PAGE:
Date: April 8, 2012
For the Easter Sunday, we decided to go to San Francisco, check out the party at the Dolores Park, and explore the surrounding Mission District.
The first stop was at Mission Dolores, famous for being the oldest surviving structure in San Francisco. We got there while the Easter Mass was still in progress in the Mission Basilica, and the museum at the Mission was closed for the Easter. We stayed outside to enjoy the architecture, and, of course, take some photos:
The next stop was at the Dolores Park, which was supposed to have some Easter Festivities going on. When we arrived to the park, we realized that the party came with a twist. Apparently, the Easter celebration at Dolores Park is an annual event hosted by the San Francisco queer community, with all the associated over-the-top cool funky-costumed goodness (including the famous “Hunky Jesus” contest). It was very refreshing to see so much open-mindedness concentrated in one area, and it reminded me of Toronto quite a bit. It was definitely a nice and fuzzy “feels like home” moment.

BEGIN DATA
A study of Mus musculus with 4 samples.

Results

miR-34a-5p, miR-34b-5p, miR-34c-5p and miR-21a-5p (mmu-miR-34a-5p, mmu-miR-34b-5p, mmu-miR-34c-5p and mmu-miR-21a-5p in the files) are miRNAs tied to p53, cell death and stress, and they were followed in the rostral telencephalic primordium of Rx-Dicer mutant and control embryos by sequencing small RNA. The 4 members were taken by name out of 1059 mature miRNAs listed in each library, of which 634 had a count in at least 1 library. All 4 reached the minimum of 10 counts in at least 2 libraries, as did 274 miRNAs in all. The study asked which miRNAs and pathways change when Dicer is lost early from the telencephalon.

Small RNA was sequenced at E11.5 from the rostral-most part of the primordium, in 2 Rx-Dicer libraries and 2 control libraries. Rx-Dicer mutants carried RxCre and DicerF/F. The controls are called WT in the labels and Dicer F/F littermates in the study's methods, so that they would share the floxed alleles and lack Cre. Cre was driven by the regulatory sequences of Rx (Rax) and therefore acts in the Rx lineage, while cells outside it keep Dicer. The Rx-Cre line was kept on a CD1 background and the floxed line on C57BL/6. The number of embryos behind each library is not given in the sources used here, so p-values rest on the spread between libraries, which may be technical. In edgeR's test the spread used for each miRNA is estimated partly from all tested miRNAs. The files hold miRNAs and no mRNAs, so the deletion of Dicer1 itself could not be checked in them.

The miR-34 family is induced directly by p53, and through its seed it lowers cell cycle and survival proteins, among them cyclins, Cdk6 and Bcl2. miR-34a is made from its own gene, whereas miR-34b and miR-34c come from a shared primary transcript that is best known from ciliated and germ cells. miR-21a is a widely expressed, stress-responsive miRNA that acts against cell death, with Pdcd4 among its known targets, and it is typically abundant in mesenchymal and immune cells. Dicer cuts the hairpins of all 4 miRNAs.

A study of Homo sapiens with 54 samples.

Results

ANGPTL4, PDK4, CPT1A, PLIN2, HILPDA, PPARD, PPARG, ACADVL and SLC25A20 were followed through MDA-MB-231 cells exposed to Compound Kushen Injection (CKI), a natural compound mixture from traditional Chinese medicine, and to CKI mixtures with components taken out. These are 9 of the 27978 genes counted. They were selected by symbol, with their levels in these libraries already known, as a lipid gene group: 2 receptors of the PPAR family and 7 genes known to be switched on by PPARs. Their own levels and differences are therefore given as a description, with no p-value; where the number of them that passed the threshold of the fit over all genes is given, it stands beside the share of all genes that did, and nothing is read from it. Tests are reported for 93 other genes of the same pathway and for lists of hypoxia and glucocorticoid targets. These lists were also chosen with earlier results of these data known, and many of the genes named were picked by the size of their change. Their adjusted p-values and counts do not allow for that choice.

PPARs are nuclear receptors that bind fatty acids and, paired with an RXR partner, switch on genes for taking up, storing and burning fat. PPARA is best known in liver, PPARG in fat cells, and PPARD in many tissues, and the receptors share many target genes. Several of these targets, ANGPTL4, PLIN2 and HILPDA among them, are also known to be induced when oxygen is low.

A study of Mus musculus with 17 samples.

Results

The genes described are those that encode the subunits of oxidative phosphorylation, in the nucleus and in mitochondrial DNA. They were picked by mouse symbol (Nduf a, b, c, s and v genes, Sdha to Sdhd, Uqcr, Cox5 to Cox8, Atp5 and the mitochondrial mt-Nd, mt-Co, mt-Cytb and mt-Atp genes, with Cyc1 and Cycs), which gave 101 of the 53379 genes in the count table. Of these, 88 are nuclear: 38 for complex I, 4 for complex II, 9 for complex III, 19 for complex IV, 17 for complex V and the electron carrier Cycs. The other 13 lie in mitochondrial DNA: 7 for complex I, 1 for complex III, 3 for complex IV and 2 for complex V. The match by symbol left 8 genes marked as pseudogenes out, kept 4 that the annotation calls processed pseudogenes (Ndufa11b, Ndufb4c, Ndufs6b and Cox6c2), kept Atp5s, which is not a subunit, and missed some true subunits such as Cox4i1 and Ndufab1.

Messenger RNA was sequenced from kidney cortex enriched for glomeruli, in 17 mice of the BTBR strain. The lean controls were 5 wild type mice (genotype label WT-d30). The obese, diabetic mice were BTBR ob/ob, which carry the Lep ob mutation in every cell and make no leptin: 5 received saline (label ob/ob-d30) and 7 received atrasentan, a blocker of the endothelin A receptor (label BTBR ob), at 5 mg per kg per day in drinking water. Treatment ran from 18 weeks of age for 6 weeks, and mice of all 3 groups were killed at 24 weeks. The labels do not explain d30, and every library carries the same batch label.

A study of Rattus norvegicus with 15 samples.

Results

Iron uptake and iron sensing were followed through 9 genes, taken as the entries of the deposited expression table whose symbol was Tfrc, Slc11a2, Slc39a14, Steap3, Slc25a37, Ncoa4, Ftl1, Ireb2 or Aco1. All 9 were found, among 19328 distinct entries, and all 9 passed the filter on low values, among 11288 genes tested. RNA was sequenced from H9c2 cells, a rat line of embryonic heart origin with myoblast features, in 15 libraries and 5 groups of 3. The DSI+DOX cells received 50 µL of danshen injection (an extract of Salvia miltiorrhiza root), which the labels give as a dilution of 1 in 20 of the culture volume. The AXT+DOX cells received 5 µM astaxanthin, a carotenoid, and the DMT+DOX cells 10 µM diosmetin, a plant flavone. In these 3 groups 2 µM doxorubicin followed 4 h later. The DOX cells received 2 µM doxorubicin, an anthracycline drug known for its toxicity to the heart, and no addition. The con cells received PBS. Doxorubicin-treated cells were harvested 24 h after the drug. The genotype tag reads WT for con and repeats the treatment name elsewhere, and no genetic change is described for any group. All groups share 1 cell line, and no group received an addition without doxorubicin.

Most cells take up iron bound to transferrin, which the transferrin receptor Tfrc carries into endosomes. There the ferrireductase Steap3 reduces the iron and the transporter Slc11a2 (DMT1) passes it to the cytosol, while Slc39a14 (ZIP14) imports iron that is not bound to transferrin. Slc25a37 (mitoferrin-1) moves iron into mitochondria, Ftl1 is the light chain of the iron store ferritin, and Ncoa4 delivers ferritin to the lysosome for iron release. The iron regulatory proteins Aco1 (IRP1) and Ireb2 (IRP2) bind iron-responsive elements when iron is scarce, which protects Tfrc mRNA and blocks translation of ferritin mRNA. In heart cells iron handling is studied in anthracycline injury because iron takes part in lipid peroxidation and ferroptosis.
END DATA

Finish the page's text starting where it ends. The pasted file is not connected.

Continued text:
We didn’t want to spend all the day in one place, so eventually we decided to leave the party behind and continue exploring the neighborhood. Just as we were leaving the park, we found what must be the coolest playground I had ever seen. It was really large and it had everything one would ever want on a playground: a pirate ship, a giant spider’s web, and a big slide. It was probably a good thing that there were so many people using it; otherwise, I would have been stuck there for several hours.
Mission street is just a couple of blocks away from Dolores street, but they couldn’t be more different in character. Dolores street was very quiet and genteel; it was lined with neat Victorian houses, manicured lawns, and stately trees.
Mission street, in contrast, was anything but quiet. It was lined with small shops selling all sorts of trinkets, swarming with people of all walks of life, and brimming with Latin culture.
We spent the rest of the day enjoying the character of that lively neighborhood and the famous Mission District murals (which lined practically all the walls, and sometimes entire buildings).